Inside Higher Ed

In an article for Inside Higher Ed, Prof. Kerstin M. Perez writes about the importance of fostering a sense of belonging in the STEM fields.


Emily Calandrelli SM ’13 speaks with STAT reporter Pratibha Gopalakrishna about her work aimed at getting children interested in science, the importance of representation in the STEM fields, and her new Netflix show. “I don’t shy away from the science because I think kids are very clever and know way more than a lot of people give them credit for,” says Calandrelli.


Prof. Daniela Rus, director of CSAIL, speaks with Forbes contributor Nancy Wang about how to encourage more girls to pursue careers in STEM. “We need to educate all students – male and female – equally on the opportunities available in these fields, give them the chance to shine, and ensure that we’re creating inclusive environments for them to work in,” says Rus.

Time Magazine

Danielle Geathers, president of the Undergraduate Association (UA), writes for Time about how her childhood helped inspire her to desire to advocate for change. “My activism was nurtured by my mother’s emphasis on cultural education,” writes Geathers. “I had early exposure to Alex Haley’s Kunta Kinte, Frederick Douglass, W.E.B. Du Bois and Maya Angelou. I was planted in solid ground with roots that stretched back generations.”


Prof. Nergis Mavalvala has been named the new Dean of MIT’s School of Science, reports Zara Khan for Mashable. Khan notes that Mavalvala “is known for her pioneering work in gravitational wave detection,” and will be the first woman to serve as Dean of the School of Science.

Fast Company

Graduate student Kenyatta McLean speaks with Fast Company reporter Nate Berg about BlackSpace, a non-profit she co-founded that aims to bring communities of color into the urban planning decision-making process. “We know that heritage is such an important part of Black neighborhoods and is something that Black neighborhoods continue to produce and conserve themselves, so we did want to amplify that work,” says McLean. 

New Scientist

Writing for New Scientist, Vijaysree Venkatraman spotlights “Coded Bias,” a new documentary that chronicles graduate student Joy Buolamwini’s “journey to uncover racial and sexist bias in face-recognition software and other artificial intelligence systems.”

Fast Company

Fast Company reporter Amy Farley spotlights graduate student Joy Buolamwini and her work battling bias in artificial intelligence systems, noting that “when it comes to AI injustices, her voice resonates.” Buolamwini emphasizes that “we have a voice and a choice in the kind of future we have.”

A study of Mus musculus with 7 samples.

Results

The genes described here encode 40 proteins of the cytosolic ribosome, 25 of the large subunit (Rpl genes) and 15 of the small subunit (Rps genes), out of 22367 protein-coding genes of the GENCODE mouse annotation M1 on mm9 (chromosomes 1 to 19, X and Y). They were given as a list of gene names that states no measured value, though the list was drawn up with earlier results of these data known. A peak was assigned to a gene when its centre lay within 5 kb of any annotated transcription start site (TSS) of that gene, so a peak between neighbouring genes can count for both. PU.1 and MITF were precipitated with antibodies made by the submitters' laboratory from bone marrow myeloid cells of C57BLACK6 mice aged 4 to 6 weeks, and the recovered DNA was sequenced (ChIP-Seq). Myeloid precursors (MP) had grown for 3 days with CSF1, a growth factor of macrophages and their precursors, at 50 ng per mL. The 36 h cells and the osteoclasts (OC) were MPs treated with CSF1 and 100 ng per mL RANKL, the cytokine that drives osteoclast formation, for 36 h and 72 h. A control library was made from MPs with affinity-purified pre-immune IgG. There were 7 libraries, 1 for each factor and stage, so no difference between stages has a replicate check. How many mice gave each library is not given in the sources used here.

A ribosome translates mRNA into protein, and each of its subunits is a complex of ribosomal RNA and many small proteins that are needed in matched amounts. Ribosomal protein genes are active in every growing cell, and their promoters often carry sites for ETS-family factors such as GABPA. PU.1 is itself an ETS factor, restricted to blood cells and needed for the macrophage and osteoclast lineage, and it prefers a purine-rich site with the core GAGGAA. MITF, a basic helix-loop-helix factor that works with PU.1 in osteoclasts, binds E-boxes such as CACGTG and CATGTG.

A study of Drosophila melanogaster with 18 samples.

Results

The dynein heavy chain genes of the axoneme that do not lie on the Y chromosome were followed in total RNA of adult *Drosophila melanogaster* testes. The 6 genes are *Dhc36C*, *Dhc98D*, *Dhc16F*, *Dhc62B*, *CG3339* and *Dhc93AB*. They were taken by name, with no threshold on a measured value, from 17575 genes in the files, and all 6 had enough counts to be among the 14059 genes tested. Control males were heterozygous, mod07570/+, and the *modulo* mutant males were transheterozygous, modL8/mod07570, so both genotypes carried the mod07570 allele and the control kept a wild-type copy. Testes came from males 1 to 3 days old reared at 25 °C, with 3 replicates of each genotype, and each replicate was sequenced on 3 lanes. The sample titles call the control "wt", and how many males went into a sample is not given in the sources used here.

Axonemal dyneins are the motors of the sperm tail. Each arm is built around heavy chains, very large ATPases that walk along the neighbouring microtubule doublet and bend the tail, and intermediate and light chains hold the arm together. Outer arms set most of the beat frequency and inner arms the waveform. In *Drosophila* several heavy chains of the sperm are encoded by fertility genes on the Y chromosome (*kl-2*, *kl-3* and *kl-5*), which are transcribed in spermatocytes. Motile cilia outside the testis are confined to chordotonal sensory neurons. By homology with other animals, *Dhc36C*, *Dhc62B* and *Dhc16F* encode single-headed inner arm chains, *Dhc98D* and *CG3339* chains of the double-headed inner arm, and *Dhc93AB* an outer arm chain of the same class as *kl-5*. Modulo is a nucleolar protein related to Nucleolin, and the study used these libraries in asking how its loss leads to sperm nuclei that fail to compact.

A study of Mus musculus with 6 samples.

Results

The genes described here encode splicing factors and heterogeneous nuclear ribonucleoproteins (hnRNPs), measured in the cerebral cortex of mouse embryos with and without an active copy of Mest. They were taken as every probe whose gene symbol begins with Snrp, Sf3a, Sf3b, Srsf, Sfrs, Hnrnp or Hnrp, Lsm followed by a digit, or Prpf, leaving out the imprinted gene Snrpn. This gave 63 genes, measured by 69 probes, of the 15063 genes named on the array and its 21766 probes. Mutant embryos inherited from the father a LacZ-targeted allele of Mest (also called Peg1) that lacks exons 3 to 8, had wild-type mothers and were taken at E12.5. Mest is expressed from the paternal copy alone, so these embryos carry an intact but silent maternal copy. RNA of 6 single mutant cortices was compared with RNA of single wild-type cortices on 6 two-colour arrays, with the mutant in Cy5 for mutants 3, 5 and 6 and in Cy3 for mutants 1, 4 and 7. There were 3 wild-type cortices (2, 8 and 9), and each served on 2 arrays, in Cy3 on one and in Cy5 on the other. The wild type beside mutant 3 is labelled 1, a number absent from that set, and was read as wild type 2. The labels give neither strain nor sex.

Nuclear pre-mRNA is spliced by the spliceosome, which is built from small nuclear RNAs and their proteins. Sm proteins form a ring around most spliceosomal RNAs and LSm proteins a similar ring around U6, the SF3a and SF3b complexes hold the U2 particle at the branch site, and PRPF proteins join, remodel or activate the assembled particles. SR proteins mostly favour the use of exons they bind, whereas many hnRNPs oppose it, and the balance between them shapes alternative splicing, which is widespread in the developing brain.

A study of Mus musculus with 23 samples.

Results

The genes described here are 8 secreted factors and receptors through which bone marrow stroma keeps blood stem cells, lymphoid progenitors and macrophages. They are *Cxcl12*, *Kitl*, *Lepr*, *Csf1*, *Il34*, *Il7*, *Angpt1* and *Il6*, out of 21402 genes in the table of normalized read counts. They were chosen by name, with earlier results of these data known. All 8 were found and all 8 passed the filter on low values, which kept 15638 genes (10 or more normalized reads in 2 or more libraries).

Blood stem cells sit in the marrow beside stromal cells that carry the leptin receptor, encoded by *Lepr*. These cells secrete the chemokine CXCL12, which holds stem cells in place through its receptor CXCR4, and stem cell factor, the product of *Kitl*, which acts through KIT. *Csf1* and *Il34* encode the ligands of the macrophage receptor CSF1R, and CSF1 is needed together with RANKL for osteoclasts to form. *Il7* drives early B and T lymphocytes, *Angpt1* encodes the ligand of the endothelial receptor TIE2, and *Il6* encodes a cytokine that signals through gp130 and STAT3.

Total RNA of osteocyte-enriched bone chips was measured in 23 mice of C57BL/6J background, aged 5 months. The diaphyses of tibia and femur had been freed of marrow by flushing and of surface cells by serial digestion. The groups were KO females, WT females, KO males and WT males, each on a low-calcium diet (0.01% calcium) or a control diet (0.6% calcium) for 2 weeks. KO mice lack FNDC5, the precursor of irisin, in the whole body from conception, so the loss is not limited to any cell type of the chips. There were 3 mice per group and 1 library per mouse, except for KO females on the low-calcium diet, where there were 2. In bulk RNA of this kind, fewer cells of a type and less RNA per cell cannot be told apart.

Fast Company

Fast Company reporter Nate Berg spotlights Lecturer Karilyn Crockett and her new role as Chief of Equity for the City of Boston. “The idea that there is a person who is tasked with explicitly looking at these things is critical, but also, more than just a person or a single office, the idea that there’s a commitment to structural change,” says Crockett. 

The Washington Post

Washington Post contributor Anna Leahy spotlights Prof. Sasha Costanza-Chock’s book, “Design Justice.” Leahy notes that in the book, Costanza-Chock, “encourages a bolder approach that calls for the world to be redesigned based on an expansive view of people’s bodies and cognitive abilities.”

Associated Press

More than 200 colleges and universities have backed a legal challenge by MIT and Harvard to a new visa policy that would bar thousands of foreign students from studying in the U.S., reports Collin Binkley for the Associated Press. “These students are core members of our institutions,” the schools wrote. “They make valuable contributions to our classrooms, campuses and communities.”

New York Times

In an op-ed in The New York Times, MIT President L. Rafael Reif writes that it is “self-defeating” for the U.S. government to signal that it wants foreign students to stay away. “Precisely at a time when we face sharp economic rivalries, we are systematically undermining the very U.S. strength our competitors envy most,” he cautions.

Associated Press

AP reporter Collin Binkley writes that the Department of Homeland Security rescinded a rule that would have barred foreign students from studying in the U.S. “This case also made abundantly clear that real lives are at stake in these matters, with the potential for real harm,” said MIT President L. Rafael Reif. “We need to approach policy making, especially now, with more humanity, more decency — not less.”


WBUR’s Max Larkin and Shannon Dooling report that the Department of Homeland Security has agreed to withdraw its July 6th policy. "Lawyers from across the United States had swarmed behind Harvard and MIT as they challenged the policy,” note Larkin and Dooling. “As of Tuesday morning, the docket showed over a dozen amicus briefs filed in the case’s weeklong history.”

Boston Globe

In response to a lawsuit filed by MIT and Harvard, the Department of Homeland Security rescinded a directive that would have prevented thousands of foreign students from studying in the U.S. “It’s a huge relief,” graduate student Angie Jo told The Boston Globe. “I’ve really put down roots here. It would be like leaving home for me.”